Actually, Azospirillum is the primary commercial phytostimulator inoculant for cereals worldwide. For instance, up to one million hectares of maize are successfully bio-fertilized with Azospirillum in Mexico. In the context of sustainable agriculture, plant inoculation with Azospirillum is a good alternative to reduce chemical inputs.
Azospirillum can establish an associative symbiosis with cereals but unlike mutualistic symbiosis (such as rhizobia with leguminous plants), the association is not accompanied by the formation of new organs. Azospirillum benefits the plant directly, via associative nitrogen fixation, synthesis of phytohormones (notably indole-3-acetic acid, IAA), and modulation of plant hormonal balance by deamination of the ethylene precursor 1-aminocyclopropane-1-carboxylate (ACC). These traits may lead to enhanced root system branching and root elongation, which in turn will favour the uptake of soil water and minerals (Fig. 2). The establishment of the associative symbiosis between Azospirillum PGPR and the plant starts at a very early stage, i.e. during bacterial colonization of germinating seeds.
Two species of Azospirillum were initially described in 1978: A. brasilense and A. lipoferum. Eleven species have now been described. The majority of the studies on Azospirillum, notably on plant-beneficial properties, have been performed on Azospirillum brasilense where implementation of genetics is easier than in Azospirillum lipoferum. Genome sequencing of a strain of A. brasilense isolated from wheat is ongoing at the University of Tennessee and Oak Ridge National Laboratory (USA) by the team of Igor B. Zhulin (supported by the US National Science Foundation grant EF-0412186). In order to perform comparative genomics, the project ongoing in Genoscope was focused on strain 4B of Azospirillum lipoferum species.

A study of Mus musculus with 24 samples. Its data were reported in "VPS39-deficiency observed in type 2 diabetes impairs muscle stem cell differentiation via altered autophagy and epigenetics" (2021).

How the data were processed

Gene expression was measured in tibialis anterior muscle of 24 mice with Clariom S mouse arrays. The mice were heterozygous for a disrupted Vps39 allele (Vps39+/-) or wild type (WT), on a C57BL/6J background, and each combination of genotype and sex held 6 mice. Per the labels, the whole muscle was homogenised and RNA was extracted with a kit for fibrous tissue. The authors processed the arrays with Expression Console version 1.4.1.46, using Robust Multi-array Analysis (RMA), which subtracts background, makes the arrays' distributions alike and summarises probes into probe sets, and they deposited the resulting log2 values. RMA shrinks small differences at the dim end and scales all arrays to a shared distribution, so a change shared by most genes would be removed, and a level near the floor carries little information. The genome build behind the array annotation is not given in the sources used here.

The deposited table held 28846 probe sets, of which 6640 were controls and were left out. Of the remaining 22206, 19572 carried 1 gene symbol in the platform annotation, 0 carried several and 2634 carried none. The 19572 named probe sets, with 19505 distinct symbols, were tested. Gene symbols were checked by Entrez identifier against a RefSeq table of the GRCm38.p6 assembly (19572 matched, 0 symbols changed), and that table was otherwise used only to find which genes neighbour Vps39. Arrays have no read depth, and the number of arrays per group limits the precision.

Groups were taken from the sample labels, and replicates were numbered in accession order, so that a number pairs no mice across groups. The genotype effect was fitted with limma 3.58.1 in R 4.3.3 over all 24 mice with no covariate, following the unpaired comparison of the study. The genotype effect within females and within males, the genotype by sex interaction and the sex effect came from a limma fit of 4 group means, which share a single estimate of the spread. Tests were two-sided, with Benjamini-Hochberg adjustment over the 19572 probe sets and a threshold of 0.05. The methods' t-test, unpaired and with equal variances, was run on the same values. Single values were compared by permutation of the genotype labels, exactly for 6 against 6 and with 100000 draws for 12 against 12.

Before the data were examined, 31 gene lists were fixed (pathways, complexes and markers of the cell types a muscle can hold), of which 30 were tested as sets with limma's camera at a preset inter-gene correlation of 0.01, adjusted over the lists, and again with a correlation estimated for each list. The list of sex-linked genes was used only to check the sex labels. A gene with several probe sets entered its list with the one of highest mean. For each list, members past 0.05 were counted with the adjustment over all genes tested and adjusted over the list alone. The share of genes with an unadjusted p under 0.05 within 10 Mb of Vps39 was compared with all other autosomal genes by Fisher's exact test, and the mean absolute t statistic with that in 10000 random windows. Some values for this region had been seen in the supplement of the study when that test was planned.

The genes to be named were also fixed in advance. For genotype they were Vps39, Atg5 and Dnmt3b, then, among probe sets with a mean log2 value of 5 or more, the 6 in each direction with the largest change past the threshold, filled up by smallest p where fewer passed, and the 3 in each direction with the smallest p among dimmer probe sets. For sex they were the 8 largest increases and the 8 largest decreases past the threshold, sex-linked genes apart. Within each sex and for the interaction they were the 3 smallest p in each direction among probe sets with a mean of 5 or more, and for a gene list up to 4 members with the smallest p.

Azospirillum lipoferum 4B has been isolated from a rice field of Camargue (South of France) in 1982 and has been studied for its high efficiency in nitrogen fixation and for its successful properties of rice colonization (Fig. 3) and growth promotion. Next to its potential use in agronomy, Azospirillum lipoferum 4B displays interesting features such as the presence of an inducible prophage and occurrence of phase variation, an adaptive process generating intrapopulation diversity and important in niche adaptation or to escape host defenses. Usually, variants spontaneously emerge from the wild-type at a frequency of 10-4 to 10-3 per cell per generation in vitro. Moreover, the strain A. lipoferum 4T, an atypical non-motile laccase-positive isolate of A. lipoferum isolated simultaneously and from the same rice rhizsophere than A. lipoferum 4B, is likely to be the variant form generated within the soil ecosystem. Recently, phase variation was shown to be accompanied by major genome rearrangements, with the loss of a 750-kb plasmid, both in the variant and in A. lipoferum 4T. This genome plasticity raises numerous questions about microevolution of Azospirillum in a fluctuating environment like soil.